The Ctenanthe plant, native to tropical Brazil, is a member of the Marantaceae family and is related to the Calathea and Prayer plant. These evergreen perennials are grown primarily for the beauty of their large, oval, colorfully, patterned leaves. The three species which make good houseplants are C. lubbersiana, C. oppenheimiana, and C. burle-marxii. C. lubbersiana reaches a height of about 18 inches and has green and yellow patterned elliptical leaves with pale green undersides. C. oppenheimiana also called the ‘Never Never Plant, grows as tall as 3ft., produces lance shaped leaves that are dark green with silver bands, and has foliage with maroon undersides. The Tricolor variety of C.oppenheimiana is even more colorful. C. burle-marxii is a smaller more compact plant that has silver gray elliptical leaves with green stripes. These plants are considered mildly poisonous (although often listed as non-toxic)), and may cause allergic reactions. It should be kept away from pets and small children. Read more about common houseplants that can be dangerous in my book Don’t Feed Me to Your Cat: A Guide to Poisonous Houseplants. A Ctenanthe is not easy to care for and leaves are quickly damaged when the humidity is not high enough. This plant can be quite frustrating for a novice plant grower.
Ctenanthes like bright indirect light. If there is insufficient light, new leaves appear solid green rather than patterned with attractive colors. If there is too much light, the colors in the leaves fade.
Keep the soil evenly moist but never soggy. Ctenanthes do not like to dry out, and do not like cold or hard water.
Fertilize monthly in the spring and summer diluting the plant food at 1/2 the recommended strength. Fertilize every other month in the fall and winter. Never feed a Ctenanthe immediately after repotting, wait at least 6 weeks.
Ctenanthes like warm consistent temperatures and will not tolerate temperatures below 60°F (15°C).
High humidity is very important. If the air is dry, place your Ctenanthe on a pebble tray filled with water. Be sure the plant is sitting on the pebbles and not in the water.
The white or yellow flowers are small and inconsequential in comparison to the beautiful leaves. The flowers have 3 sepals, 3 petals, and form a short funnel.
Spider mite and mealy bug are the pests to look out for.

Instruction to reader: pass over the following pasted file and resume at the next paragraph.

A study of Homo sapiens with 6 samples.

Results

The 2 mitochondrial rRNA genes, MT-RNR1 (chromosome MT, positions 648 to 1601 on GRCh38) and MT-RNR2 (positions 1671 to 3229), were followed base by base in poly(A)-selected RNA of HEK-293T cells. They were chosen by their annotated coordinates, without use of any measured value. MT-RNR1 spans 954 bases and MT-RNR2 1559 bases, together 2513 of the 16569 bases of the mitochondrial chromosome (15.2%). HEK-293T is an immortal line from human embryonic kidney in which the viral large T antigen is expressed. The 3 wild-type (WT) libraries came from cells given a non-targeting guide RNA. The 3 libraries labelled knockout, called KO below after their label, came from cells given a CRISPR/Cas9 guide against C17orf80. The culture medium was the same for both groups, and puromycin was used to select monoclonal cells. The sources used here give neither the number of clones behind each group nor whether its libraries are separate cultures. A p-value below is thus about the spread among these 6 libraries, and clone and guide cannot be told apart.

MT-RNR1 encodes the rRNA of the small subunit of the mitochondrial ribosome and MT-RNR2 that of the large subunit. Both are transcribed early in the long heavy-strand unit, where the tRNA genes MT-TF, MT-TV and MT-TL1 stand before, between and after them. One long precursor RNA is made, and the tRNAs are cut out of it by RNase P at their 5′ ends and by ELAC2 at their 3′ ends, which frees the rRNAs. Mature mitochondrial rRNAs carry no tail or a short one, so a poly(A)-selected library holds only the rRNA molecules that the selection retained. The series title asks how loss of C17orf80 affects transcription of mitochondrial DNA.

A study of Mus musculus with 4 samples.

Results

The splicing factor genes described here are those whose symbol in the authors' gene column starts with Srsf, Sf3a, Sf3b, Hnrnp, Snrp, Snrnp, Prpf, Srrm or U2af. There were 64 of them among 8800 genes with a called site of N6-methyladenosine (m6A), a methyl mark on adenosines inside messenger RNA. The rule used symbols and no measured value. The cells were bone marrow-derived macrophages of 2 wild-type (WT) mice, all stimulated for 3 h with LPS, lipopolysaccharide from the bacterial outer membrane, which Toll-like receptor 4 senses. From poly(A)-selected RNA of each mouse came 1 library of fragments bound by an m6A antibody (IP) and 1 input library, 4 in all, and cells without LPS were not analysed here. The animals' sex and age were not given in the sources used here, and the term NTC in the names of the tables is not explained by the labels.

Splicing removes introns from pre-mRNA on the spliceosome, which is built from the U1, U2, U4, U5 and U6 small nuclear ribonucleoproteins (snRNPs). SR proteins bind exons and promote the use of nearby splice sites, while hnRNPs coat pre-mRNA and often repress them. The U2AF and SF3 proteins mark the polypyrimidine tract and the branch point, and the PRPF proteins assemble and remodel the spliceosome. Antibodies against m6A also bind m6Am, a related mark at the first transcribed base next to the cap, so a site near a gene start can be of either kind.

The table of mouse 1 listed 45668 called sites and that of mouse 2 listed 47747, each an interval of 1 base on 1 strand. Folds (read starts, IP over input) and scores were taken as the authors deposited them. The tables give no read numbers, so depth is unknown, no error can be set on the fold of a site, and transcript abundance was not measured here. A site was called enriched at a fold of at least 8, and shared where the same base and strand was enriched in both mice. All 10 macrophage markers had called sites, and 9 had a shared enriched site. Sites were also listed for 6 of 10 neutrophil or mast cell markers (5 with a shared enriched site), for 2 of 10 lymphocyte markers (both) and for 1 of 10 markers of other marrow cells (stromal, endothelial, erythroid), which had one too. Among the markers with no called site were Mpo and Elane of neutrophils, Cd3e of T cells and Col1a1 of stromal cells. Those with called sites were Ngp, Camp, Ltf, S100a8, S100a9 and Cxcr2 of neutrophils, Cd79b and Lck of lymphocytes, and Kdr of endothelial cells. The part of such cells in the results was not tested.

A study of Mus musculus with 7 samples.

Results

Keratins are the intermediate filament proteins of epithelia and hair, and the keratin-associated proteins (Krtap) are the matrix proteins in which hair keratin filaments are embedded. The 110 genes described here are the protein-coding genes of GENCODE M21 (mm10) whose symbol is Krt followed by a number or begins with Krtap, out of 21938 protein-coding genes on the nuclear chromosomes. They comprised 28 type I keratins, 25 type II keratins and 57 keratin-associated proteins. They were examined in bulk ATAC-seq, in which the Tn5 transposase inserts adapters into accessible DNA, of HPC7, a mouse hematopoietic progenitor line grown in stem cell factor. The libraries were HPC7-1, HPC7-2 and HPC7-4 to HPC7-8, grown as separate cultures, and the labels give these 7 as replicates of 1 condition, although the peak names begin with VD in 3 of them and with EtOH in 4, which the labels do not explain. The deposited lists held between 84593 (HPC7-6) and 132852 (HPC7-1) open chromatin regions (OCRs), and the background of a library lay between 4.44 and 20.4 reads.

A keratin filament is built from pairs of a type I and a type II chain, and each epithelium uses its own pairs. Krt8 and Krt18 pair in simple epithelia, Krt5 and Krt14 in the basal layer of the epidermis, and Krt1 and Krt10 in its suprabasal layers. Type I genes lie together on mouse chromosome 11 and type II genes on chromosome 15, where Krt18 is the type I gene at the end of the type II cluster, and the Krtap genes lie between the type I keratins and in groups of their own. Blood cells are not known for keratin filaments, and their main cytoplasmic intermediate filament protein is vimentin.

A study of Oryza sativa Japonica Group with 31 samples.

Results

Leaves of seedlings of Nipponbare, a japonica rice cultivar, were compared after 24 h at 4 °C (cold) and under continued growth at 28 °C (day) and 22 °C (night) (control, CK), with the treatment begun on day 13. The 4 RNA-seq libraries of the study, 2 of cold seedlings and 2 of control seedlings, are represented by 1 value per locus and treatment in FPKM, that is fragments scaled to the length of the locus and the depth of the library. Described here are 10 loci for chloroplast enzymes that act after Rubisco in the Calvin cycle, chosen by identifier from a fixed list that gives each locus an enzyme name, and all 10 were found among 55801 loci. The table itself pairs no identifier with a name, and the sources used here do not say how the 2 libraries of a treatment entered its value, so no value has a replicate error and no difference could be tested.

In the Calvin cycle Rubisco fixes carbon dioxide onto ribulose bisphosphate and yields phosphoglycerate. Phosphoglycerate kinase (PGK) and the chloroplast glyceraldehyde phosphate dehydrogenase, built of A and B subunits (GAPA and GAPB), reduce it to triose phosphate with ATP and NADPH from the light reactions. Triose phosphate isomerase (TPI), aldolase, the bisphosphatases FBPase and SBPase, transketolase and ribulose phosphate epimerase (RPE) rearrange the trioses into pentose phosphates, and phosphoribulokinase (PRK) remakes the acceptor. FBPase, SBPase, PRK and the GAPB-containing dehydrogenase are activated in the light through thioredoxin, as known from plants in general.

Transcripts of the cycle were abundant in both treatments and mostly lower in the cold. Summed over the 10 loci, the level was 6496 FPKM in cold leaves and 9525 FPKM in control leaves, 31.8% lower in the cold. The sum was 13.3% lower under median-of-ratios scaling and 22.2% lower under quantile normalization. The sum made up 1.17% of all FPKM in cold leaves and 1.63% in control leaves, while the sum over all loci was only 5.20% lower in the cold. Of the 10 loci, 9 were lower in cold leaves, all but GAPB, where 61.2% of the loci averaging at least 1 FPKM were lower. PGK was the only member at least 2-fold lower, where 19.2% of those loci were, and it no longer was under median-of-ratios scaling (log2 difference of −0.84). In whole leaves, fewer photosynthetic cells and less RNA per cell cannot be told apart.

Botrytis, a fungal disease, can occur because of the high humidity these plants require.
Use a good all purpose potting mix that drains well but still retains moisture.
Re-pot once a year or every other year depending upon how quickly the plant roots fill the container.
A Ctenanthe rarely needs pruning, just remove any dead growth.
Ctenanthe plants are easily propagated using the offsets that develop into bushy clumps around the base of the plant. When propagating, it is important to use the same type of soil as was used for the original plant. Stem cuttings is another propagation choice. Keep the new plants warm and the soil moist until established.
Poisonous Plant Info
A Ctenanthe plant is slightly poisonous, although it is often listed as non-toxic. It may cause individual allergic reactions. The ASPCA states that it is not poisonous to dogs and cats.
Yellow leaves on a Ctenenathe Plant means you are allowing the soil to get too dry. The soil of a Ctenanthe Plant should be moist at all times.
When a Ctenanthe gets too much light, heat, or too little water, the leaves curl up to protect themselves. Move your Ctenanthe to a cooler less bright location and give it a little more water. The leaves should unfold almost immediately.
You’ve probably over watered the plant and it has developed root rot. Although Ctenanthes like to be moist, they don’t like soggy soil. During the cooler months they need less water.
Ctenanthes needs a great deal of humidity. Brown dry leaf tips are caused by dry air and not enough humidity. Place your plant on a wet pebble tray or set a small humidifier near it.